Bright Young Minds in a Wild Classroom
I'm just back from the 7th Annual Science Celebration at Café Brauer on zoo grounds, where some 200 participants in the Young Researchers Collaborative showcased their science projects. Topics ranged from comparing the behavior of lions with housecats to exploring the biodiversity of Lincoln Park Zoo’s Nature Boardwalk.
This is always an exciting, celebratory event for the participating kids and the attendees, me included. It’s inspiring to see how smart Chicago’s students are. This event is also a great showcase for Lincoln Park Zoo’s efforts to be a resource for teachers looking to enhance their science initiatives in and out of their classrooms.
To complement our efforts to make the zoo a living laboratory for eager minds of all ages, our educators offer a bevy of materials and programs. Curriculum guides help teachers create zoo-based classroom projects. Zoo Tracks brochures guide on-grounds field trips. (Both can be found here http://www.lpzoo.org/education/educators-resources)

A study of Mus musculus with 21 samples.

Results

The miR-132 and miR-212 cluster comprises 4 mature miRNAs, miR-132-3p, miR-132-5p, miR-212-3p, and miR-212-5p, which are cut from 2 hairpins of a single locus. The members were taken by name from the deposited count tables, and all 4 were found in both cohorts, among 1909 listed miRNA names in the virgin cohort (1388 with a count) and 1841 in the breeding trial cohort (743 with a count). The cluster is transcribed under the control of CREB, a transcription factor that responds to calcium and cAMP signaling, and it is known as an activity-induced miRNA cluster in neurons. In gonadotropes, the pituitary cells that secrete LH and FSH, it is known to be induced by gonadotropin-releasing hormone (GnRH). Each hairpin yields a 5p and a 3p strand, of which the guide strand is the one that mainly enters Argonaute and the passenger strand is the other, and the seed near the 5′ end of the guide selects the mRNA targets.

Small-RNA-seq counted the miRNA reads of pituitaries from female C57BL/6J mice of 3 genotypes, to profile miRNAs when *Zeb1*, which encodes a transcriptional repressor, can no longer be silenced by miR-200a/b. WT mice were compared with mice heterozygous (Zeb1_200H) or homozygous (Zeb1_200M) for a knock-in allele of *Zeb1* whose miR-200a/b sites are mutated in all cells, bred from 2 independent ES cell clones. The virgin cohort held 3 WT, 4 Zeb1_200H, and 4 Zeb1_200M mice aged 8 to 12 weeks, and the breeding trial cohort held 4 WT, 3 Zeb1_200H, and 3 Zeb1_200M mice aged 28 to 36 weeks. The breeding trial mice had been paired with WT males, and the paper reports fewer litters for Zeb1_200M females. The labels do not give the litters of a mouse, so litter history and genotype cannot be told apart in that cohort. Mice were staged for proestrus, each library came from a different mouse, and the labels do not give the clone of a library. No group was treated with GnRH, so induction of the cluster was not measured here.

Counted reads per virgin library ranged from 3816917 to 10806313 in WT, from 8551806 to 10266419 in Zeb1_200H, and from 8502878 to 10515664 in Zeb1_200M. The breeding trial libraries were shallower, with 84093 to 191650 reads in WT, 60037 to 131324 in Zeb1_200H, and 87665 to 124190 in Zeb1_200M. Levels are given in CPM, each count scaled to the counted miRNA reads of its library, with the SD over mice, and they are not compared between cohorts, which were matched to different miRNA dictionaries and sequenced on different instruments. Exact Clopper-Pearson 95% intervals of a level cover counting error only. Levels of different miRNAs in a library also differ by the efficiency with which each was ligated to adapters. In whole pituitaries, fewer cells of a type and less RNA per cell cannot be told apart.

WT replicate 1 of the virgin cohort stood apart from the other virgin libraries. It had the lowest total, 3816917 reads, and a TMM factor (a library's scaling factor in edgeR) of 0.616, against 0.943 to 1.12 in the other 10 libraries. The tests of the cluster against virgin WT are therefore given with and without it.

Our new EthoSearch site (http://www.ethosearch.org) makes a wide range of scientifically “vetted” ethograms accessible to the scientific and educational communitiesas well as lesson plans and student-friendly ethogram data sheets.
Just as we are committed to wildlife here in Chicago and around the world, Lincoln Park Zoo is committed to being a leader in science education, whether to the casual visitor who learns something new during each stroll through the grounds, or to a scientist using EthoSearch at some distant corner of the globe, or to local students who—quite literally—employ the zoo as a wild classroom.
Our mission to educate is ongoing. As always, I’ll keep you posted.